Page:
NCEW’s daily theme “Unlocking American Resources” and the final panel of the week-long event “Workable Solutions for Nature” converge in a conversation focused on natural climate solutions.

Thursday marked the third and final day of National Clean Energy Week’s (NCEW) 6th Annual Policy Makers Symposium. The theme of the day – Unlocking American Resources – was a throughline during the extent of the day’s events. Kick-off remarks from policymakers on both sides of the aisle, including Sen. Kevin Cramer (R-ND), Sen. Bill Cassidy (R-LA), and Rep. Scott Peters (D-CA), showed that climate cooperation is alive and well in the halls of Congress.

The discussion, “Finding Workable Solutions for Nature,” also proved a broad collaboration among think tanks and other stakeholders on climate mitigation solutions. Participants in the final panel of NCEW included moderator Pasha Majdi, Senior Director at Conservation International, and the following panelists:

  • Diana Movius, Senior Director at the Global Forest Policy Climate Advisers
  • Lesley Jantarasami, Managing Director at the Energy Program Bipartisan Policy Center
  • Christine Cadigan, Senior Director at the American Forest Foundation
Photo Courtesy NCEW 

As panelists were introduced it became immediately clear that one term was going to be used ubiquitously throughout the discussion. That term was natural climate solutions. “Natural climate solutions, in our view, is all about increasing the amount of carbon stored in nature – so in plants, trees, soils – and then also reducing greenhouse gas emissions,” shared Lesley Jantarasami, Managing Director at the Energy Program Bipartisan Policy Center at the outset of the panel. Her succinct definition set the table for a discussion that primarily revolved around the natural efforts we can deploy in the U.S. to help decarbonize the world.

While many of the symposium’s previous panels have covered a range of ways the U.S. can unlock and bolster more novel technologies like electric vehicles, nature-based solutions have been around for quite some time. From small acts like planting trees to large-scale land management practices, conservation and reforestation efforts are not necessarily new. What is relatively new is the utilization of these practices to decarbonize the environment at scale. Thankfully, there is a major opportunity for natural climate solutions on that front. “Research from the Nature Conservancy and some other groups have suggested that natural climate solutions have the potential to provide over a third of our needed climate mitigation globally within the next decade,” said Christine Cadigan, Senior Director at the American Forest Foundation.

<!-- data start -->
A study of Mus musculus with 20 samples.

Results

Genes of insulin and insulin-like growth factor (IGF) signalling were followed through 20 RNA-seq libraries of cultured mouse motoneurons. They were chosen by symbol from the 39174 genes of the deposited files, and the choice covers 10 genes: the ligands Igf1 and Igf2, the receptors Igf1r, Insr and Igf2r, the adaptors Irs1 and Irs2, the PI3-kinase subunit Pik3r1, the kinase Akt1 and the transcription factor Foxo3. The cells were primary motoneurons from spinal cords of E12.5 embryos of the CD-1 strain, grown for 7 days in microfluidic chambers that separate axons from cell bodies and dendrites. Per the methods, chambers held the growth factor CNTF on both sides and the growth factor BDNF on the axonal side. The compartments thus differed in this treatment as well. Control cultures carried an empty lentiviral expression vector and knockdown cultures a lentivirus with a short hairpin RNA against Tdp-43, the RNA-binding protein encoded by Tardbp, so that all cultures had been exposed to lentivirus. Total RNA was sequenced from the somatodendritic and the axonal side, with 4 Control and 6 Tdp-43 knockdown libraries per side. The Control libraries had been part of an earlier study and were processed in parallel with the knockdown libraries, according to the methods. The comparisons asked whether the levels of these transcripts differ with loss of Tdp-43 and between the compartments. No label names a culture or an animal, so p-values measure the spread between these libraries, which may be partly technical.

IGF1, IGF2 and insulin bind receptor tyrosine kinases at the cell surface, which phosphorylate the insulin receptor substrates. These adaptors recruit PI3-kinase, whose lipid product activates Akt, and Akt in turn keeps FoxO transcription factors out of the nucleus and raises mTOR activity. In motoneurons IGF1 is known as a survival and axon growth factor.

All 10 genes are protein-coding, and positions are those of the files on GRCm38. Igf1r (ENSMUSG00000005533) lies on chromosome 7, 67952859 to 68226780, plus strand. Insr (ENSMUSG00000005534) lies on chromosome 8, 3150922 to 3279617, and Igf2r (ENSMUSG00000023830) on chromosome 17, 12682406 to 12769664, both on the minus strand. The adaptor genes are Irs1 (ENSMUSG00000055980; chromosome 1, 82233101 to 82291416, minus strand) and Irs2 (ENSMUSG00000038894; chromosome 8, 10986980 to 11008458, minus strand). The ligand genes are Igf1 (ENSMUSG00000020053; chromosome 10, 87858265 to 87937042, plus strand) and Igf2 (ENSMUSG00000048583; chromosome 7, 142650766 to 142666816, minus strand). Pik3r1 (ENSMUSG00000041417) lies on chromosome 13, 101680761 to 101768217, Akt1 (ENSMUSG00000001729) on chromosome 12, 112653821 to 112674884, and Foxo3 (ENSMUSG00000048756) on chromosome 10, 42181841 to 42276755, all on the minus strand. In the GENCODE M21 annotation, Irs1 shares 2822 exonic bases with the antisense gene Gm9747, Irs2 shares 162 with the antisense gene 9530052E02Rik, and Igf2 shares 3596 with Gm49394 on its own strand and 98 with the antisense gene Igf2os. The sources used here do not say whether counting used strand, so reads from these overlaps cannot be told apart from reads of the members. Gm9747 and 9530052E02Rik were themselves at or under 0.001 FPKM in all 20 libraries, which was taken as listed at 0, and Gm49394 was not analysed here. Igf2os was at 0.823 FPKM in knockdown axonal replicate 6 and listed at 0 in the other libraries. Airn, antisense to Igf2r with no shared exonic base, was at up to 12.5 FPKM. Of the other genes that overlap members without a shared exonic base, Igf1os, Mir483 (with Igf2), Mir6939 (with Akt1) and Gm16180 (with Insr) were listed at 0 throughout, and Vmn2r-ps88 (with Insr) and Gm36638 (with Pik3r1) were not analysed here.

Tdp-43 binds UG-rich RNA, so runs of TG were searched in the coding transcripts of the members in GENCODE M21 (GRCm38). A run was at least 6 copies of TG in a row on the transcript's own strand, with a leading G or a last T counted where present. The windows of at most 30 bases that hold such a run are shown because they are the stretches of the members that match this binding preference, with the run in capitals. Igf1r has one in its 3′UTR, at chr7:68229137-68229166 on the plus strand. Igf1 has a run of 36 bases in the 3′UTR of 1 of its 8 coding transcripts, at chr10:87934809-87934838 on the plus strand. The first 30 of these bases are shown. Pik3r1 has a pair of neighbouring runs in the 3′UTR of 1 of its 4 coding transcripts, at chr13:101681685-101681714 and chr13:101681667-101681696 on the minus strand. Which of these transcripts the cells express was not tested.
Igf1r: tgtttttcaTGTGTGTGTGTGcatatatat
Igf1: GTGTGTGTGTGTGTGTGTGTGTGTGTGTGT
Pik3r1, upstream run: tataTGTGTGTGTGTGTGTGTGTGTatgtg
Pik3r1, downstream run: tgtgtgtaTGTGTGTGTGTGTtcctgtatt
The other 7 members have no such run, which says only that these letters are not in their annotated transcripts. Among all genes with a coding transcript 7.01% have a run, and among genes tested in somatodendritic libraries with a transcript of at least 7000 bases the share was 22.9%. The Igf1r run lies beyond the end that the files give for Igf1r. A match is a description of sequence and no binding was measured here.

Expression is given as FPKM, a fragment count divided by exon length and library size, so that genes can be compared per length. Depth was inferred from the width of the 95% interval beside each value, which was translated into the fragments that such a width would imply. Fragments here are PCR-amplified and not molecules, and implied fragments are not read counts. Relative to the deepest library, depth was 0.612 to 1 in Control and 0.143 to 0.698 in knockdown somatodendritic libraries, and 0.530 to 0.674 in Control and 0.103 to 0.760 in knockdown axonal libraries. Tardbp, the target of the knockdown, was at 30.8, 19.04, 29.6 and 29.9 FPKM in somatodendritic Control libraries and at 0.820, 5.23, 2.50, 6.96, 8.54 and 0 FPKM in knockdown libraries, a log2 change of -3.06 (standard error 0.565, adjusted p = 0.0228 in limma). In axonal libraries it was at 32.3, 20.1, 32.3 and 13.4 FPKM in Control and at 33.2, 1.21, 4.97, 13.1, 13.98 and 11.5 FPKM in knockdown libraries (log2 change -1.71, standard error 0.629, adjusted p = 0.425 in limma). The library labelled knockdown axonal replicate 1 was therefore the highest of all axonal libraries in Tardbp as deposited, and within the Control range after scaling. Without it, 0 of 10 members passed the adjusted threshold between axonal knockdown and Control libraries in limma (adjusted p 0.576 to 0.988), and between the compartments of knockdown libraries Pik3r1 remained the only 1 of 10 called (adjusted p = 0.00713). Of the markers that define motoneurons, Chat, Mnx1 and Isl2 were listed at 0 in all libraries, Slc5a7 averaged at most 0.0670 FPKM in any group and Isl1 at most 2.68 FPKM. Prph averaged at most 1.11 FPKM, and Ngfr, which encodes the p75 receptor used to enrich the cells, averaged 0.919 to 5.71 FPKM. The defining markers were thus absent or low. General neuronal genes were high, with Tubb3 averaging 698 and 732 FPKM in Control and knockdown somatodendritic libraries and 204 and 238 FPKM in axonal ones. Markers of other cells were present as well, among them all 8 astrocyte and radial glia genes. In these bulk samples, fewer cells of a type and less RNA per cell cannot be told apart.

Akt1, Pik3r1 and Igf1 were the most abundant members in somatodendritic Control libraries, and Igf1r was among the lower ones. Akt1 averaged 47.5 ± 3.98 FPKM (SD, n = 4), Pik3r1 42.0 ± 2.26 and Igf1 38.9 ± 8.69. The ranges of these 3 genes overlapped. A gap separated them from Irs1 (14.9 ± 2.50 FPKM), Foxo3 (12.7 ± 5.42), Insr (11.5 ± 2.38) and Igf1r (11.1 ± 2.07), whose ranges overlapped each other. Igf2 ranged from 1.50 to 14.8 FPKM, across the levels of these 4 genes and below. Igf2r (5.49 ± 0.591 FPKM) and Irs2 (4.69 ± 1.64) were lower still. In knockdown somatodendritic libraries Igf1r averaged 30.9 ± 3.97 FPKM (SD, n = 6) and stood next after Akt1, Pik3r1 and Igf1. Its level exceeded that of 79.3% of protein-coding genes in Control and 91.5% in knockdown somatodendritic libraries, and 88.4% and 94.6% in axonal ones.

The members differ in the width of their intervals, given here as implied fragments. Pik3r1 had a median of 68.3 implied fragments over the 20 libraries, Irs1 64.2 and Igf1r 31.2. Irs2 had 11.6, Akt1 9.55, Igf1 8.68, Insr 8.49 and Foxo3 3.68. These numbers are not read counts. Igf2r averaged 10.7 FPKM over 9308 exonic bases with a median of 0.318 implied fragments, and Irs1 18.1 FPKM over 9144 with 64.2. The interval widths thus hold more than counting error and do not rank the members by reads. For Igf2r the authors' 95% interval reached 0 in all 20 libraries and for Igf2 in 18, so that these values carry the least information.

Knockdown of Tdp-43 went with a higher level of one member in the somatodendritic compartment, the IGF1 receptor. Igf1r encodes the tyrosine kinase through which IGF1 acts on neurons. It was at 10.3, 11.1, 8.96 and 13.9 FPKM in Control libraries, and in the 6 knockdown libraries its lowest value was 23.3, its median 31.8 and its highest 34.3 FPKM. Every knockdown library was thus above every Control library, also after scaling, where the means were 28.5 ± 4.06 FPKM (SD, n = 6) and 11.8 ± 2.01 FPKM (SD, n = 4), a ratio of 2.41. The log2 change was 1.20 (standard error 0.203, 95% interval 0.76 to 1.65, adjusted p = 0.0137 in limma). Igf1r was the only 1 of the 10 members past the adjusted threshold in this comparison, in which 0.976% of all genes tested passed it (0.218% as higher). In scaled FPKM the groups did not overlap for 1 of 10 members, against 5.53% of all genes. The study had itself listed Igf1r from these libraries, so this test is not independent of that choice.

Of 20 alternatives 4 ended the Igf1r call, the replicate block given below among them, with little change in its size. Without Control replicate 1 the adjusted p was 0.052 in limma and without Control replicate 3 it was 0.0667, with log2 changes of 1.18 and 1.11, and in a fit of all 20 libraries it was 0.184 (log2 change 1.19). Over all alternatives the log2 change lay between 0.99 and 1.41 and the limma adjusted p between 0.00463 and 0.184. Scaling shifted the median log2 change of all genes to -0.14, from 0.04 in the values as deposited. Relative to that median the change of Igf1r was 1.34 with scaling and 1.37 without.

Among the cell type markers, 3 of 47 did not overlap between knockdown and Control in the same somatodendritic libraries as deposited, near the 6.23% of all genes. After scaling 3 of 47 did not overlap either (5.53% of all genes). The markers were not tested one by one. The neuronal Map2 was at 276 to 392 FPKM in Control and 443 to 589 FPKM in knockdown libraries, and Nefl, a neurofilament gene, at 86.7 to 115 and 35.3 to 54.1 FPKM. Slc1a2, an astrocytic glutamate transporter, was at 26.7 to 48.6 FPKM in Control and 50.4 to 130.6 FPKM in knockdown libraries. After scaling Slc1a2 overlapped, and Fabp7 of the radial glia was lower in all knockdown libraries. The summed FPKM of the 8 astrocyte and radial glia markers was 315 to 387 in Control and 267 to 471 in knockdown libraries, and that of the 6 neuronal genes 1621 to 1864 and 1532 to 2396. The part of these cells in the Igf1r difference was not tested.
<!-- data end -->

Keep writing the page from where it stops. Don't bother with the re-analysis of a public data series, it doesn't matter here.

Through reforestation, carbon sequestration improved land management practices, and halting large-scale deforestation, the U.S. can expand its already impressive natural climate decarbonization efforts. “Fourteen percent of annual U.S. emissions are stored in the land base, the natural resources we already have, so we see a ton of benefit that doesn’t always get appreciated in these conversations,” said Lesley Jantarasami.

In addition to the positive climate impacts of these practices, there are often overlooked beneficial externalities to further committing to relatively inexpensive and unobtrusive natural climate policies. By increasing investment in forest and land management, not only would the U.S. continue to stymie carbon emissions, but we’d also be able to boost biodiversity, resilience to wildfires and extreme weather, and crop productivity. These outcomes aren’t limited to narrow sets of communities either. A broad range of people, from rural farmers to coastal city-dwellers, agree that more efficient farmland, cleaner air, and an economy less reliant on foreign, nonrenewable energy benefits America.